Walt Sherrill
Originally Posted by dahermit
These steels are generally low-alloy manganese, medium-carbon steel or high-carbon steel with a very high yield strength.
I noticed that you left off the LAST part of the sentence you quoted... Was that an accident? The part you didn't quote fully said: "These steels are generally low-alloy manganese, medium-carbon steel or high-carbon steel with a very high yield strength. " Not all high-carbon steels have a very high yield strength. The High-Carbon steels that don't have a high yield strength (the ability to be compressed or stretched but return to it's original form) can be brittle, shatter, or break easily. That is not a good trait for a magazine spring.

The same article goes on to say that spring steels have very predictable yield points -- and that is not the case for ALL high-carbon steels. Most coil springs apparently are made of alloys and the manganese is one of the metals used n the mix to allow more flexibility.

Bill DeShivs uses high-carbon steel in the springs he makes, but I wonder how many magazine springs he routinely makes? I know he makes springs for knives and some older guns, but he hasn't talked much about his experience with magazine springs.

Coil magazines springs, by design, both bend and twist, and the work done is spread more uniformly throughout the spring material than is the case with leaf springs.

Wikipedia also says:
High Carbon Steel. High carbon steels, as their name suggests, are steels with high carbon content. ... It also makes it less ductile and weldable than ordinary steel, and it becomes much more brittle as a result of its impurities.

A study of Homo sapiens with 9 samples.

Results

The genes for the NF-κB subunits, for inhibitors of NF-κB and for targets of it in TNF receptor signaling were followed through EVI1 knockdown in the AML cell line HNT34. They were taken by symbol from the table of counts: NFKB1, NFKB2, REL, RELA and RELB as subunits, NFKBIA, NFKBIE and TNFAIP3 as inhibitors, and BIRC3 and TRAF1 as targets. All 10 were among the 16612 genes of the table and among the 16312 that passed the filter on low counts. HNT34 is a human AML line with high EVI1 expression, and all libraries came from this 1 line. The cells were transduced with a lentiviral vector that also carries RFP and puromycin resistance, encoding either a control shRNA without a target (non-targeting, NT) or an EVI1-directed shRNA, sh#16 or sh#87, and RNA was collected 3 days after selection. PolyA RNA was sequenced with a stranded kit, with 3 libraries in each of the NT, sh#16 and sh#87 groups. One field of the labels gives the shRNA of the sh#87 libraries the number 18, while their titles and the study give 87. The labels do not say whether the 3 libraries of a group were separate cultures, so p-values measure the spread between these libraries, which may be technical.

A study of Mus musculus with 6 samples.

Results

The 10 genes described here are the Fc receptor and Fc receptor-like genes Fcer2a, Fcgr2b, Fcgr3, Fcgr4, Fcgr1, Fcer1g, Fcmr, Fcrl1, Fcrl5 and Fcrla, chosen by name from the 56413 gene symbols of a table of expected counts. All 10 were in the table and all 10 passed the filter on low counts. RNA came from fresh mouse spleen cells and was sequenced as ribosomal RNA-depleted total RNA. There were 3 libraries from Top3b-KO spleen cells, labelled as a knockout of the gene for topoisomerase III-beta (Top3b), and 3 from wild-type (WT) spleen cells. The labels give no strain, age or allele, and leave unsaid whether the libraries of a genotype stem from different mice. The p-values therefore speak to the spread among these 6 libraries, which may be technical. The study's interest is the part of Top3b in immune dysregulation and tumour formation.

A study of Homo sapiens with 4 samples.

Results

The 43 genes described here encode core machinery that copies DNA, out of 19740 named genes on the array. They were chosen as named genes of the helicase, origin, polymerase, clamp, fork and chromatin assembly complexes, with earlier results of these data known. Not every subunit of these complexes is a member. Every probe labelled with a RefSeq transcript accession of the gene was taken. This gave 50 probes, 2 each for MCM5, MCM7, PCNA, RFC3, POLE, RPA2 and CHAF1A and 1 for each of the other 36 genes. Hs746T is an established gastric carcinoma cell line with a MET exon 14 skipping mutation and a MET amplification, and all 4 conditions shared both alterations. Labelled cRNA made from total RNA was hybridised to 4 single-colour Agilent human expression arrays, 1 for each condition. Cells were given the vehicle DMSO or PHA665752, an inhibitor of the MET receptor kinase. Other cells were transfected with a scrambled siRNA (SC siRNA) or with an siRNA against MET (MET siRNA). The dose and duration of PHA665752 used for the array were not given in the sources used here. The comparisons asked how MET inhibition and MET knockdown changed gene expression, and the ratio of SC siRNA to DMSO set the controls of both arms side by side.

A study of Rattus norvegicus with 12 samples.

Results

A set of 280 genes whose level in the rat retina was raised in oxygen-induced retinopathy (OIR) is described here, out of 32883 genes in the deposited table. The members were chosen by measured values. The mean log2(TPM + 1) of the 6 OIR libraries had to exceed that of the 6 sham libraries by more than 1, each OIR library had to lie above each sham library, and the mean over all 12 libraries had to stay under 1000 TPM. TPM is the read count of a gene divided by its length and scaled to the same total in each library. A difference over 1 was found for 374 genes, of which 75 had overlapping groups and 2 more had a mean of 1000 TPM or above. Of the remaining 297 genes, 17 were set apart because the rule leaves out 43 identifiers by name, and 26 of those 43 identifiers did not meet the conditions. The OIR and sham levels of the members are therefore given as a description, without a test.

As best I can tell, most of the high-carbon steels used in gun spring applications are alloys, with other metals used to give them the flexibility/ductility needed to create a reliable and long-lived spring.

Last edited by Walt Sherrill; January 10, 2019 at 07:24 PM.
dahermit

Quote:
Bill DeShivs uses high-carbon steel in the springs he makes, but I wonder how many magazine springs he routinely makes? I know he makes springs for knives and some older guns, but he hasn't talked much about his experience with magazine springs.
One can envision him making relatively large springs (larger than magazine springs) out of high carbon steel. However, in case you do not know, fine wire springs as in magazines are not shaped and forged with heat, but wound cold around a mandrel.

But, if you want the last word, go ahead and take it.

Last edited by dahermit; January 10, 2019 at 07:58 PM.
lll Otto lll
Using this magazine for practice only , I only load 5 in the magazine anyway so I was thinking if I dropped a block 1/2" high at the base of the mag wouldn't that tighten the spring to fire the fifth round 100% until new springs arrixe ?
Huh? Don't you stock spare mags for your pistols? I cant imagine why anyone would want to jerry-rig a magazine.
cw308
Walt Sherrill
Huh? Don't you stock spare mags for your pistols? I cant imagine why anyone would want to jerry-rig a magazine.
I wouldn't jury-rig a magazine spring either, but I don't keep a bunch of spare magazines springs on hand -- I keep spare magazines on hand. (And when a mag spring goes bad, that's when I order a couple more springs.)

Our poster, however,doesn't have extras mags or extra springs -- but he learned why that's a better option.

Last edited by Walt Sherrill; January 14, 2019 at 12:19 PM.